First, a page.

Joyce Kim’s career has evolved quite a bit since she graduated from Simon’s Rock in ‘95. She has been a serial entrepreneur, lawyer, and even a venture capitalist. Now, Joyce is the cofounder and executive director of Stellar, a tech startup in silicon valley. But Stellar differs from other technology startups in one key regard: it doesn’t have shareholders or investors. Joyce chose instead to make her startup a nonprofit.
Stellar is part of a growing number of startups that rest at the intersection of tech and nonprofit. Technology, according to Joyce and her cohorts, can be an incredibly effective means of tackling some of the world’s hardest social problems.
The hard social problem Joyce wants to tackle? Poverty. That’s why she founded Stellar.org, a nonprofit with a mission to support financial services for the 2 billion people who don’t have economic access. The Stellar network is an open financial network that lets anyone send and receive money for less than a fraction of a cent.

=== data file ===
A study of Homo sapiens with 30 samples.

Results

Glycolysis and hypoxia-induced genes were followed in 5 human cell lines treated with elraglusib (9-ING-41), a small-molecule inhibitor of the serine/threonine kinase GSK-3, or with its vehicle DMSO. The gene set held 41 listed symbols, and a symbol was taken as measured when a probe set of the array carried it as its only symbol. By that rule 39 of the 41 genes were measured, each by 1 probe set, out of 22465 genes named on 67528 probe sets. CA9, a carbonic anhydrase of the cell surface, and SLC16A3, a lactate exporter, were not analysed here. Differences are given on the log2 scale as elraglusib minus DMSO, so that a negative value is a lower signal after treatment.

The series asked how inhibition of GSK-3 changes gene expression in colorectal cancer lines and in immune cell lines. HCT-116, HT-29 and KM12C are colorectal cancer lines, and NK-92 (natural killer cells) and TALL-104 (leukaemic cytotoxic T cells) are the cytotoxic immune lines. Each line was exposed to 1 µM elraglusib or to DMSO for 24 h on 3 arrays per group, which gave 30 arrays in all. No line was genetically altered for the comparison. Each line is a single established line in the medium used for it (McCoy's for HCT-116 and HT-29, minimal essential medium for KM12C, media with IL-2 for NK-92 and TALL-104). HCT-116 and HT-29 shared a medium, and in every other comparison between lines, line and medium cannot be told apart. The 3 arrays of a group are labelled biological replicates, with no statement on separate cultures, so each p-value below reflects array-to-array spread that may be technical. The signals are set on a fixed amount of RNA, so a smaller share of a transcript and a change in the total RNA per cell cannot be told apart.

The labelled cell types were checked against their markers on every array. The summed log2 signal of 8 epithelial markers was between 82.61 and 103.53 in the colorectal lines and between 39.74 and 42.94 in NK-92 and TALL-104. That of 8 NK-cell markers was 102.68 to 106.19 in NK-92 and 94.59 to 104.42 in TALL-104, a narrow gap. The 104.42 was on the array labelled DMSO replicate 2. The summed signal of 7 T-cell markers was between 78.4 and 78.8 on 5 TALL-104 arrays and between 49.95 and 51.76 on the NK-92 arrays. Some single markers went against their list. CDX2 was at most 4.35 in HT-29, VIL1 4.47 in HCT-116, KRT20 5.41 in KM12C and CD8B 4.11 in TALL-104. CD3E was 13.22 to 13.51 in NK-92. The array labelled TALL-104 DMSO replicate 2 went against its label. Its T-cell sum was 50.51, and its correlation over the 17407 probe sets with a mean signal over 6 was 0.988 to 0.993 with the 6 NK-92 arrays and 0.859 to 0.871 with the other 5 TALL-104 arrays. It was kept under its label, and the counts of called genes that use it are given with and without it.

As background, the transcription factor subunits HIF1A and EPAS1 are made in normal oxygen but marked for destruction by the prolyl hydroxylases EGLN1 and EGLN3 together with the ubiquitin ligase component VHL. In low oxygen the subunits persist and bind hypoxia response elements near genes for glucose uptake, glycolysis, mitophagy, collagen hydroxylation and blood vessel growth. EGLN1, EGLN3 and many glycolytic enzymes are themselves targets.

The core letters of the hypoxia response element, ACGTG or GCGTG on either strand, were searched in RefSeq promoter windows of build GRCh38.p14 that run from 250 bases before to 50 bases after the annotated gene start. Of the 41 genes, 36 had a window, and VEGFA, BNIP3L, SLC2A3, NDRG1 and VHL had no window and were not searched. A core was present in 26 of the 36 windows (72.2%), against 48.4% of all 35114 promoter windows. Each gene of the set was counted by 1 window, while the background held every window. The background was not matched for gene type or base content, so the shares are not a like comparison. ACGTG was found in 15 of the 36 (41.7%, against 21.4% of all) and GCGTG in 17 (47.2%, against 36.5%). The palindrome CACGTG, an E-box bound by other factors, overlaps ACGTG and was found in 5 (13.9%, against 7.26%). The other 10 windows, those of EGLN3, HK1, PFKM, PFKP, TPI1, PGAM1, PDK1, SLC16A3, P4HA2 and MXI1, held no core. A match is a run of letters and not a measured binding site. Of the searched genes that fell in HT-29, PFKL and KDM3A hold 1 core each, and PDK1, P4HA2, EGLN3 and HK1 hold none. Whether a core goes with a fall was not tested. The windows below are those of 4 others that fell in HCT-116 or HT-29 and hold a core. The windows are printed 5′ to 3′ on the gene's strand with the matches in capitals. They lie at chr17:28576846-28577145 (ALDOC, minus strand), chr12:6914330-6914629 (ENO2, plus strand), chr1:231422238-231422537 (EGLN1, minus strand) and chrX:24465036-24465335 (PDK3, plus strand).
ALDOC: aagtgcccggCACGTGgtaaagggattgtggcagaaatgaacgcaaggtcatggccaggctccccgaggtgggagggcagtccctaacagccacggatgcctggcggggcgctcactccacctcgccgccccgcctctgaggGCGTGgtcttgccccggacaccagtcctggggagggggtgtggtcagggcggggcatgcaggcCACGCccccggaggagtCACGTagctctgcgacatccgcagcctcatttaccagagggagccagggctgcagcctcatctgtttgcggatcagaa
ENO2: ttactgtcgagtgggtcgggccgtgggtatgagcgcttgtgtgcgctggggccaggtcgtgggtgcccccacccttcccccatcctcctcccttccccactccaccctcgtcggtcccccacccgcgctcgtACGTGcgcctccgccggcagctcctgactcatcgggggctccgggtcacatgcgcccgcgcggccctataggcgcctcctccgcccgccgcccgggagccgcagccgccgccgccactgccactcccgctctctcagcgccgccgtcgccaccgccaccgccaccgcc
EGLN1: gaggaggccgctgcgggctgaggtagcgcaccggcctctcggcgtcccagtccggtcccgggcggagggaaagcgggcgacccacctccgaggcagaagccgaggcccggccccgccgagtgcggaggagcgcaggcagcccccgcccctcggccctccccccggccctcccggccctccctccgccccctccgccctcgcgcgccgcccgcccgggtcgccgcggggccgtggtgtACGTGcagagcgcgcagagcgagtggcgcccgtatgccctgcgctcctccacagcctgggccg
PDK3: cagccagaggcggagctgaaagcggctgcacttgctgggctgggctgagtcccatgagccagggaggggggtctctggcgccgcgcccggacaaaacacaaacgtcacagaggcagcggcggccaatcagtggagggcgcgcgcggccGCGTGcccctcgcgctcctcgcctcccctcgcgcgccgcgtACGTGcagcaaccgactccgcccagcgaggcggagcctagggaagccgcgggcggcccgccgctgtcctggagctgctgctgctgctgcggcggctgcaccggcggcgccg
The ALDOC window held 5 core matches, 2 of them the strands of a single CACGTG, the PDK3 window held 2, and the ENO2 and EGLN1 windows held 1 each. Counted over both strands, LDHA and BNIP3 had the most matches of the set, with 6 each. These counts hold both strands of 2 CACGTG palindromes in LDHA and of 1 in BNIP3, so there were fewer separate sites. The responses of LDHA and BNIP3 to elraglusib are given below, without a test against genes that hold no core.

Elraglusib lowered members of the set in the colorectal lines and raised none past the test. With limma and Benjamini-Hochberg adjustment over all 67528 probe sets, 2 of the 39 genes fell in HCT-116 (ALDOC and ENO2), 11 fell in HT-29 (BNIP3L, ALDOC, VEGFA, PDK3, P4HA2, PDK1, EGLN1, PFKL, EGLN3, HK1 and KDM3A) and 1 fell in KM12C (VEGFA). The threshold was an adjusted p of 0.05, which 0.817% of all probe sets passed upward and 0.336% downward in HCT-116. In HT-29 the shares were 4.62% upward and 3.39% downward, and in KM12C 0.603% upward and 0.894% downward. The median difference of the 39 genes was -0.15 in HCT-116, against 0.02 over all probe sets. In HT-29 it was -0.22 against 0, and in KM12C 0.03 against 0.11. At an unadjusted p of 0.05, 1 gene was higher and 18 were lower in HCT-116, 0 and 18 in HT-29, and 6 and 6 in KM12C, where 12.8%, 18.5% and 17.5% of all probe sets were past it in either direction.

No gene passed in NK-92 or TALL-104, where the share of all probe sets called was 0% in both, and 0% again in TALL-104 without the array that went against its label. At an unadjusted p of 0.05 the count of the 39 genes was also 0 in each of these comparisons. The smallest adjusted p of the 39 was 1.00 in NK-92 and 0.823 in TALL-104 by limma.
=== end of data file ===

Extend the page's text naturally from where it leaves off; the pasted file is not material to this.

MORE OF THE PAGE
As the daughter of Korean immigrants to the United States, Joyce saw firsthand how hard it was to move money across borders. In fact, remittances are such a worldwide, large-scale problem that Joyce spoke at the United Nations on how Stellar can help. Every year, the world spends $44 billion on the fees alone for remittances. People are paying just to send their own money home to their families. This creates, in essence, a tax on the poor. The Stellar network provides a way to send multicurrency, cross-border transactions instantly and for free. When low-income working people can keep more of their own money, communities all over the world will see a huge positive impact.
But Stellar can help with more than just remittances; it can also be a tool for savings. In South Africa, a nonprofit is using Stellar to build mobile savings apps for girls. It’s been proven that girls who save money are more likely to stay in school longer. Access to financial services like savings become a means to a greater end: education, better health outcomes, and lifelong participation in the formal economy.
Joyce’s most recent accomplishment is her selection as a PopTech fellow. PopTech, a conference that spotlights social innovators, hosted Joyce’s talk on how Stellar can enable 5 million transactions for 20 cents.
Joyce envisions a world where money moves as easily as email, and 2 billion people are included in the worldwide economy. She’s dreaming big—but we’d expect nothing less from a graduate of Simon’s Rock.